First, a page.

严师出高徒( yán shī chū gāo tú)
– Good pupils are to be brought up by strict teachers.
After looking through my blog to remind myself of all that we’ve done and gone through within the almost two months(!) of living here, I realise that I have omitted the most important and time-consuming part of my life in Beijing – university. However, we’ve just completed our first set of monthly exams, so now seems like a good time to introduce my life at Peking.
Studying at Peking University has been an interesting experience so far, as it’s home to the brightest and best students of a country of 1.3 billion people. The students are incredibly hard working, and finding a seat in the library can be counted as an achievement. It’s also the oldest university in China, and has played a seminal part in changing modern society through the New Culture and May Fourth movements of the 20th century. The institution is particularly proud of the Boya Pagoda that overlooks Wei Ming Hu (No Name Lake), and the Khoo Teck Puat Gymnasium, which hosted Ping-Pong at the Beijing 2008 Olympics. We have joined this gym, which has caused many a funny/awkward moment, but I’ll save those for another post.
I’d like to introduce a few observations on the Chinese university system with some examples of my experiences. A fundamental difference is that university is much stricter than in the UK; class attendance is crucial, and points are taken off your final score depending on the legitimacy of your absence. I’m proud to say I’m still on 100% attendance (I need all the points I can get), but if I’m ill without a doctor’s note, I’ll lose 0.5% for every class I don’t attend. Providing a doctor’s note allows you to miss class without losing points, so the trick seems to be going to the doctors for every illness you encounter, or sucking it up and going to class regardless of your snotty nose or chesty cough. Even ‘compassionate leave’ takes 0.5% off your grade, and the worst-case scenario (missing a class without informing your teacher in advance) leaves you with a deficit of 1%.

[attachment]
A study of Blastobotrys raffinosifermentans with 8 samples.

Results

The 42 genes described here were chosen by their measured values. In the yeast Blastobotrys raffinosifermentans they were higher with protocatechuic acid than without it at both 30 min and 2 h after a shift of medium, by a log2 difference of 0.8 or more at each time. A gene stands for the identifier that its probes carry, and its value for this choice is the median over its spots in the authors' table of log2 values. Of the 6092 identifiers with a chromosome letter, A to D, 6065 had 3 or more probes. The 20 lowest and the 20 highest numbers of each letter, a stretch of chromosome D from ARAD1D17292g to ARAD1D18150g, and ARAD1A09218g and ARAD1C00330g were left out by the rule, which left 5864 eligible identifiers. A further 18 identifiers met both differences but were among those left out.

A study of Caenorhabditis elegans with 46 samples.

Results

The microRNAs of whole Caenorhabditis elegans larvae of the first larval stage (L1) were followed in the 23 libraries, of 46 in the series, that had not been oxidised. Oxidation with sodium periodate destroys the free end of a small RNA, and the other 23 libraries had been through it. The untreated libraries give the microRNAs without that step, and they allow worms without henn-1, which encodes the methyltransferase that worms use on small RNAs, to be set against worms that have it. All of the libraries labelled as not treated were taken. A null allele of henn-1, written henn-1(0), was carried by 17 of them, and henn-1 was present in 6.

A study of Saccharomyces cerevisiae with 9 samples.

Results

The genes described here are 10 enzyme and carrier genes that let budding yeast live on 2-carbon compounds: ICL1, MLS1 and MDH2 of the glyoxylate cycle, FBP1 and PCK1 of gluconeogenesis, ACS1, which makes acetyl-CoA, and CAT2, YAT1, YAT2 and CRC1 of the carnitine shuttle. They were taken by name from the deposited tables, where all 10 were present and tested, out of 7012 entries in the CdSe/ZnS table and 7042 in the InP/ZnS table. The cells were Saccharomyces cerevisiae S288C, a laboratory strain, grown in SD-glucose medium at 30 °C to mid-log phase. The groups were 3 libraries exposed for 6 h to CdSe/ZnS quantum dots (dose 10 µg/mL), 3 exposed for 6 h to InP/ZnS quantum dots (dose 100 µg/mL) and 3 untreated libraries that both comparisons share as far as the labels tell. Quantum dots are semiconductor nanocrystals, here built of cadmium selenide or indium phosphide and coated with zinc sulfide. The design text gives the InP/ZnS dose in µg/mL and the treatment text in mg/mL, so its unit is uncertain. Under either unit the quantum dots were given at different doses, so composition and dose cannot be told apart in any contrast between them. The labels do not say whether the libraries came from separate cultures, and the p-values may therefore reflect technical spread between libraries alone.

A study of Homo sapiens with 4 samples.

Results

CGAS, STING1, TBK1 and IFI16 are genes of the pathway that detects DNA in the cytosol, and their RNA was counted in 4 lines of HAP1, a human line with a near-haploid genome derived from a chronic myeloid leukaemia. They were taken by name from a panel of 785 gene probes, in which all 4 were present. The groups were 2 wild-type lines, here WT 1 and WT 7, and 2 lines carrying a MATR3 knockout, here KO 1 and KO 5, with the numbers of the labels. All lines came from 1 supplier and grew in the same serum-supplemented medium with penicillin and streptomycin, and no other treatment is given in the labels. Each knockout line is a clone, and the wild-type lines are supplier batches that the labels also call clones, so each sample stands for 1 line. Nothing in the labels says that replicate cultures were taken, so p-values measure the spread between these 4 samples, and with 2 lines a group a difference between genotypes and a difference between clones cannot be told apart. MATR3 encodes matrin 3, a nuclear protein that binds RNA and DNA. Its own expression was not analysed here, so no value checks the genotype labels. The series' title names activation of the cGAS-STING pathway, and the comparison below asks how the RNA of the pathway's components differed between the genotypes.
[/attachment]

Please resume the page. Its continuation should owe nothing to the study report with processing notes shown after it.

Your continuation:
Moreover, classes in China start very early in the day– I have four 8am starts every week, and 20 hours a week of tuition. I am only thankful that my latest lesson finishes at 5pm, as the timetable allows for lessons until 8pm. A further observation is that the teachers are under massive pressure to perform and ensure that their respective class gets the best grades in the monthly exams. We discovered this as we struggled with a testing grammar point, when our exasperated teacher told us the stress of how the teachers are ranked according to their students’ exam results. We all tried a little harder after this slight guilt-trip, and eventually got our heads around the sentence structure.
Finally, while the academic side of life can be intense (we’re given 100+ new characters to learn each week) and stressful (monthly tests), it is balanced by the availability of delicious and wonderfully cheap canteen food. We each have campus cards that we top up and scan in one of the many canteens on campus, and a bowl of my favourite spicy noodles will set me back 3.5 yuan (35p). Coffee from the cafés is more expensive, but scrumptious coffee milkshakes and Snickers are available from little stalls around campus, and are a perfect pick-me up between the 5th and 6th hours of lessons.
If you have any questions or comments about university life in China, please comment below or send me an email and I’ll be happy to get back to you. My next post will return to my previous theme of gallivanting around China as I detail our recent Sunday spent in Tianjin, but until then I’d like to leave you with this wonderful Snickers ad that is taking China by storm. Enjoy!